Shooting a video with two very different cams… the Panasonic GX7 and Nikon D600

This is a video I did with Jordan Pearson of Dark Atom Media. We wanted to shoot something that would capture a fun vibe whilst promoting our friend Danni's makeup business.

What is it like shooting with a full-frame camera that’s known to have poor video quality vs shooting with a Micro Four Thirds camera which has optimal video quality but a poorer sensor?

Pretty nice actually. They complement each other very well. The trick is to play to each camera’s strengths. The D600 has no focus peaking and has a soft image, so I nailed it to a tripod and slapped my Tokina AT-X Pro 80-200mm f2.8 on there. With a large aperture telephoto lens most of the image becomes out of focus, which effectively makes the in-focus parts look really sharp. The Panasonic GX7 resolves much more detail in video and so I put the wider Tamron 17-50mm f2.8 (plus the Tiffen Ultra Contrast 3) on there via a Metabones SpeedBooster, which would be like putting a 24-70 f4 on a full frame. This combination was put on my hand-held rig.

The problem with the D600 is not just that it’s soft but that it also has a ton of moire/aliasing/false colour. So any time you’ve got detailed objects in focus, those weird artefacts will steal the show. However for non-video-nerds that stuff is usually invisible and when doing close shots of people it’s not a problem at all unless they’re wearing intricately patterned clothes.

What people do notice is tonality (which nerds call dynamic range) and colour. These are things that the D600 clearly does better than the GX7 sometimes but not all the time. Look how much better the Nikon handles the nuances of skin in the above picture. To be fair to the Panny though, it has the Ultra Contrast filter on a cheap Tamron lens on an optical adapter.. so there’s a lot of glass affecting its image there. But I suppose that is another point – I’m using a load of glass to hopefully create a more fimic look with the Panny. Sadly it’s not going to work 100% of the time whereas I find that close to 100% of the time, the Nikon comes out with a beautiful image.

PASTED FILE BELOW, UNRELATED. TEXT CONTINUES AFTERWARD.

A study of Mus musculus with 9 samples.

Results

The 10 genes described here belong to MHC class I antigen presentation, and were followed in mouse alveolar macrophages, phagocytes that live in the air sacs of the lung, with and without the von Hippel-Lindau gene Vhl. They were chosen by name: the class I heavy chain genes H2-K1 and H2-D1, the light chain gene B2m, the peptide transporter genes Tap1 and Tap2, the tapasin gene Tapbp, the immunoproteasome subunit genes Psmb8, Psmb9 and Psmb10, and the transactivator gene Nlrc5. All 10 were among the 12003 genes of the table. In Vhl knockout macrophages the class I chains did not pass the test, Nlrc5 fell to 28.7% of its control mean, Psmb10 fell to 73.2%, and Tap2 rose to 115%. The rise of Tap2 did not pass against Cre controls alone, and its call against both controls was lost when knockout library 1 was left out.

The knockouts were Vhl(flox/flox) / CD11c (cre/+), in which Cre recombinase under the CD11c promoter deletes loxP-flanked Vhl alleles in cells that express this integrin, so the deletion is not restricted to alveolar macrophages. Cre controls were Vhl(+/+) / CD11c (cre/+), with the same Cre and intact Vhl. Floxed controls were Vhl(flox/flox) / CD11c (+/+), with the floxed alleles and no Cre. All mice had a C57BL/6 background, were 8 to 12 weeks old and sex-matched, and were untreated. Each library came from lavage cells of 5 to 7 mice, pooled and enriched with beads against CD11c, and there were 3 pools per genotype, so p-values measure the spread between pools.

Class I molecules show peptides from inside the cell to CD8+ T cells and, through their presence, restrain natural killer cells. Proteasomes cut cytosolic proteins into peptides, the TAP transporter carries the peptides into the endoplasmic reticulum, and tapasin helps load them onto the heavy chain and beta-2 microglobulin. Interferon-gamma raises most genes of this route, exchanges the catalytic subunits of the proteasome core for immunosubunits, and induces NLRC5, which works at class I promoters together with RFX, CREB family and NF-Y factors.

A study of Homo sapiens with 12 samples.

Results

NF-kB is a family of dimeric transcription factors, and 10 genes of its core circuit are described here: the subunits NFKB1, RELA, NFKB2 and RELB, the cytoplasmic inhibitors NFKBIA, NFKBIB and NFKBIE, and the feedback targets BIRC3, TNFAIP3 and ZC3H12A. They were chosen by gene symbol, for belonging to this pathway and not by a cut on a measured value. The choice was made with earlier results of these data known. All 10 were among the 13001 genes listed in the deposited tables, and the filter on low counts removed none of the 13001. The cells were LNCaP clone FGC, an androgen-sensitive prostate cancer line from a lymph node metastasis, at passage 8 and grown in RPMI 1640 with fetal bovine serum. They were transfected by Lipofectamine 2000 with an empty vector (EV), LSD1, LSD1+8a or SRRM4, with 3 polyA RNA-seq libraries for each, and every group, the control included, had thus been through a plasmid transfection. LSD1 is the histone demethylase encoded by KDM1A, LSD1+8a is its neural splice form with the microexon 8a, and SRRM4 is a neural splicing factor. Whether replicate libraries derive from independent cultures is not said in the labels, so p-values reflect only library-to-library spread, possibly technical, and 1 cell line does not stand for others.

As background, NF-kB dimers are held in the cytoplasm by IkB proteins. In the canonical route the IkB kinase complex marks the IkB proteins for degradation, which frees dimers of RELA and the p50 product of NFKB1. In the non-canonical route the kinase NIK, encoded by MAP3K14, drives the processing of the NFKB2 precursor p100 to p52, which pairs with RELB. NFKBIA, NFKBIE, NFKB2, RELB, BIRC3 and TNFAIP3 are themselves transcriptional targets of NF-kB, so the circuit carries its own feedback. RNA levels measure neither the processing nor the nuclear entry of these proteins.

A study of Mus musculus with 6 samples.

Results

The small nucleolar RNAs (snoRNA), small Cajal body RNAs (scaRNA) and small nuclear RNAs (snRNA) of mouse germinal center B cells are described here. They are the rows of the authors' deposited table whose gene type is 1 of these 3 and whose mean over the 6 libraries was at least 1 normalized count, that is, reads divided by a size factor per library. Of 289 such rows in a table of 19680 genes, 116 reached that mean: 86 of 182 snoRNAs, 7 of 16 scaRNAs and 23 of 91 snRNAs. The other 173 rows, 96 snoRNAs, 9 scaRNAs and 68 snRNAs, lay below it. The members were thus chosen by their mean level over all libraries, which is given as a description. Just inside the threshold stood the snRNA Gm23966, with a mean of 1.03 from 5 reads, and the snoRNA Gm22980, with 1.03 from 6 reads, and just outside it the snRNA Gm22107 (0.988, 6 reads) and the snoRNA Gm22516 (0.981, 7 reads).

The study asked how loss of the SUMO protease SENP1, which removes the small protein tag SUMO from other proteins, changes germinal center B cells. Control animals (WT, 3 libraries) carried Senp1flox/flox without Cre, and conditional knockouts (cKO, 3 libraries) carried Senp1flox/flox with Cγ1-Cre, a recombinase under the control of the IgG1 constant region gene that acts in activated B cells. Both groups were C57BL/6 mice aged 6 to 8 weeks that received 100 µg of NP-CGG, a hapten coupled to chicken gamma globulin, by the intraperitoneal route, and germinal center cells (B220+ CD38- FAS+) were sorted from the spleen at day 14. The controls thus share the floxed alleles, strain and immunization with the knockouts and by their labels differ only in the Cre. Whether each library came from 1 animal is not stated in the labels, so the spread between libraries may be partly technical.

Above is another comparison image. The Nikon has the Cineflat profile on (which I highly recommend BTW) and the GX7 is dialled close to flat. Both images have had a slight curve adjustment. In this instance I prefer the GX7’s image. But it’s very subjective really.

The shoot itself was a very nice experience. It wasn’t really a professional shoot so everything was quite relaxed and the girls enjoyed themselves. I brought along two wall-powered 125W LED lights with soft boxes (one got smashed, RIP). I also wrapped them with coloured film to give some more colour to the shoot. Everything was a bit impromptu really and we ended up using a lot of things that were lying around as props – like the wheel chair, ladder etc.

This is actually not the first time I’ve shot a Panasonic camera alongside another brand. Last year I shot an event with a GH3 and a Canon 6d + 550d. I’ve also been in Jessops/Calumet to pit my GX7 against the Sony a6000, Nikon d5300 and Nikon d750 (no pictures).

I will say that the Nikons have consistently given the best overall image, especially in challenging light. And for this reason I have decided to sell my D600 and replace it with a D5500. Lesser featured body, smaller image sensor but much better video and it has 60fps! And with the HDMI out I will be able to use it in an ENG style shoulder rig.

I will be keeping the Panasonic GX7. It may not have as good a image as the Nikons but it really only shows when you put them side-by-side. And even then it’s not always a sure thing. For travel this little camera with a strong feature set is ideal! Keep on the look out for my 1 ½ year review coming soon).